Playing a game of Escape From Tarkov can often feel like a roll of the dice, an exercise in pushing your luck that sometimes results in the loss of your precious equipment. You see, when you die in a raid, the items you happen to be carrying are subject to looting by other players. This is the gameplay loop of Tarkov—raid, loot, escape. Knowing this doesn’t make it any easier to accept that your gear is gone, though. If only there was a way to protect your inventory.
Oh wait, there is! Escape From Tarkov includes an “insurance” mechanic that can help to protect your property from permanent loss. Additionally, you can store your most important stuff in a safe container that will keep them from being lost to you forever. In this guide, we’ll run down a couple methods for keeping your gear protected.
Updated: April 4/17/2020
Escape From Tarkov Secure Containers
The best way to make sure you don’t lose any important items is to keep them inside a secure container. These are boxes that your character can carry into raids that act as additional inventory space. The difference, though, is that items stored inside will not be lost upon death. As of patch 0.12, there are five secure containers of varying sizes. Here’s what they are and how to get them:
- Secure Container Alpha
- Size: 2×2 grid.
- Source: This is the default container that your character starts with.
- Secure Container Beta
- Size: 3×2 grid.
- Source: Sold by the Peacekeeper merchant.
- Secure Container Epsilon
- Size: 4×2 grid.
- Source: Complete the quest “The Punisher” for Prapor.
- Secure Container Gamma
- Size: 3×3 grid.
- Source: Available to those who own the “Edge of Darkness” edition of Escape From Tarkov.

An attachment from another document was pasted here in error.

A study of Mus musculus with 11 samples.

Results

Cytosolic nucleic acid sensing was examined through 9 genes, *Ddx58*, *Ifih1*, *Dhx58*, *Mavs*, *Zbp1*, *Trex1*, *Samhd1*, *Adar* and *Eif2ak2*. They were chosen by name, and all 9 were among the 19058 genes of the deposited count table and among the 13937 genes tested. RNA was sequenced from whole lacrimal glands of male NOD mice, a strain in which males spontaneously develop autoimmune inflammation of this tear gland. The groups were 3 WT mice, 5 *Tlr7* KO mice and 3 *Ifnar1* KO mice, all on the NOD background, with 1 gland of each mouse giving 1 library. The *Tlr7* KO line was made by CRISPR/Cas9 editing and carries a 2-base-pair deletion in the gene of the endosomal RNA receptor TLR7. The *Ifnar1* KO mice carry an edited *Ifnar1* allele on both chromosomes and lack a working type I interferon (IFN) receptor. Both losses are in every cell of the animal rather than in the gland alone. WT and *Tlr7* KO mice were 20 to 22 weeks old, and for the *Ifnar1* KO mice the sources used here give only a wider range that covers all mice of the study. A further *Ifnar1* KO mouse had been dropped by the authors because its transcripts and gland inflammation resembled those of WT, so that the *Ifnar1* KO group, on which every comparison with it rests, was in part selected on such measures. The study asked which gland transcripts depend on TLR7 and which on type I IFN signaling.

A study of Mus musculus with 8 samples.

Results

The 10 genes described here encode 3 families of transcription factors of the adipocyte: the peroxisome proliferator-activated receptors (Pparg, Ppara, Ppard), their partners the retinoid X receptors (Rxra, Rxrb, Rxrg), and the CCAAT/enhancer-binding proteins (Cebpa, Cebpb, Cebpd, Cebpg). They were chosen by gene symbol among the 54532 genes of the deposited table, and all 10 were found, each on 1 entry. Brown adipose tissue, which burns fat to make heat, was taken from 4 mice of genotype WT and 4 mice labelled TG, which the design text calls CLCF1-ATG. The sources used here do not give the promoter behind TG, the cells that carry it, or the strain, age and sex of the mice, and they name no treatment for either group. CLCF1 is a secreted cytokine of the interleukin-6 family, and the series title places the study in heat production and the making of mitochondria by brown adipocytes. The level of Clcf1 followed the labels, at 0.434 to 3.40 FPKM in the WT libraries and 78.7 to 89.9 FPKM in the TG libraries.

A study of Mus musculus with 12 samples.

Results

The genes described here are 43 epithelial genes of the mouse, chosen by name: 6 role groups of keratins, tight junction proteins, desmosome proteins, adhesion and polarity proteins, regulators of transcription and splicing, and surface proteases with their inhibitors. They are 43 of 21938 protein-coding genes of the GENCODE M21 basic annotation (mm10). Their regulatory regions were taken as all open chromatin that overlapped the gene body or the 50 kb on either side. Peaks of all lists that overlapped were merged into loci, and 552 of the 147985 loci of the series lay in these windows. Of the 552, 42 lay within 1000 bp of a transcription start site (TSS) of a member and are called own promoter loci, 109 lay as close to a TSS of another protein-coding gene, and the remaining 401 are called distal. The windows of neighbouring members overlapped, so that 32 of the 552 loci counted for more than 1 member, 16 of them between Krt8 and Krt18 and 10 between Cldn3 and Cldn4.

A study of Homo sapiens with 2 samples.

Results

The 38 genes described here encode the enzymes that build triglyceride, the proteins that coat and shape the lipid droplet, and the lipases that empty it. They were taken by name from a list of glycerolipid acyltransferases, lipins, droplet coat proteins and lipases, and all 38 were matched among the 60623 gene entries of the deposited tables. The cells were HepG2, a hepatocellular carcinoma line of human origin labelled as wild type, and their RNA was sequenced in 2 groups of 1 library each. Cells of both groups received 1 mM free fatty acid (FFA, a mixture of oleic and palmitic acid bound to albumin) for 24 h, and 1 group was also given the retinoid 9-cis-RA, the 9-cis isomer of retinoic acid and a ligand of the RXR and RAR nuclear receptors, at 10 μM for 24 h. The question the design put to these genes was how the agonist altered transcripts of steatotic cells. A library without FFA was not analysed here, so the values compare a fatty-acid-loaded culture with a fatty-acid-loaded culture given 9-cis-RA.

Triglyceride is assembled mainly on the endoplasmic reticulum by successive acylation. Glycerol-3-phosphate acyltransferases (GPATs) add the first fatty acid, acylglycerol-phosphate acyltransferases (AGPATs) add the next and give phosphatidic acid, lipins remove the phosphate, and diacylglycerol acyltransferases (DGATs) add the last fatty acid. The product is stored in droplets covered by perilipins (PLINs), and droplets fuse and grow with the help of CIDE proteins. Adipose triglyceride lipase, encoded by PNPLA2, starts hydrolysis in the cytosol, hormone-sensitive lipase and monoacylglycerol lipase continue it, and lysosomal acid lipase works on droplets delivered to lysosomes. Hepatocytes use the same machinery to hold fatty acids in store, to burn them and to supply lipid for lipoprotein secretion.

- Secure Container Kappa
- Size: 4×3 grid.
- Source: Complete the quest “The Fence” for The Collector.
In addition to these, future patches of the game will introduce new secure containers.
Escape From Tarkov Insurance
Secure containers are a great way to make sure you keep your favorite non-combat items, but what about weapons, armor, vests, and the like? These pieces of gear need to be equipped on your character (read: outside the safe container) in order to be usable. So what if you want to protect these things like you do the items in your safe container?
This is where insurance comes into play. Before deploying on a raid, you have the option of insuring the following inventory slots: earpiece, headwear, face cover, armband, body armor, eyewear, on sling, on back, holster, scabbard, and tactical rig. There’s a handy “insure all” button that you can click to cover them all at once. And we recommend doing this before literally every raid you embark on. Any loot that is insured will have a gold shield icon on it and you cannot insure an item that’s already covered, so don’t worry about paying extra money by accident.
There are two NPCs that will ensure your gear for you: Prapor or Therapist. Prapor is the cheaper option, but he takes longer to get your stuff back to you: about 20 to 29 real-time hours. The other (more expensive) choice is the Therapist, who will take 10 to 20 hours to return your insured gear. Prapor is typically the better choice since Therapist’s policy is significantly more expensive. Additionally, if you insure with Prapor you’ll have 72 hours to reclaim your gear, while Therapist gives you a whopping 144 hours.
If you die with insured items or if an enemy player picks up those items off your corpse and doesn’t extract, they will be returned to you after some time has passed. However, if you run out of time and are wearing insured items then you’ll lose them forever. Because of this, you’ll want to make sure you don’t have anything equipped that’s insured when the timer hits zero. Dropping them on the ground during the last 30-40 seconds is a safe way to ensure your gear returns to you. Additionally, your gear will not be returned if you either die or drop those items in The Lab.
Finally, players can commit “Insurance Fraud” by hiding their insured gear somewhere on the map. This is typically done when players find better gear out in the wild, but still want to keep the items they have. For example, if you have an insured helmet but discover a better one, hide the insured helmet somewhere so it returns after the match. Even if you don’t extract, that insured helmet will return to you in a day or two.
And that’s a quick rundown of secure containers and insurance in Escape From Tarkov. Did this guide help you out at all? Let us know in the comments section!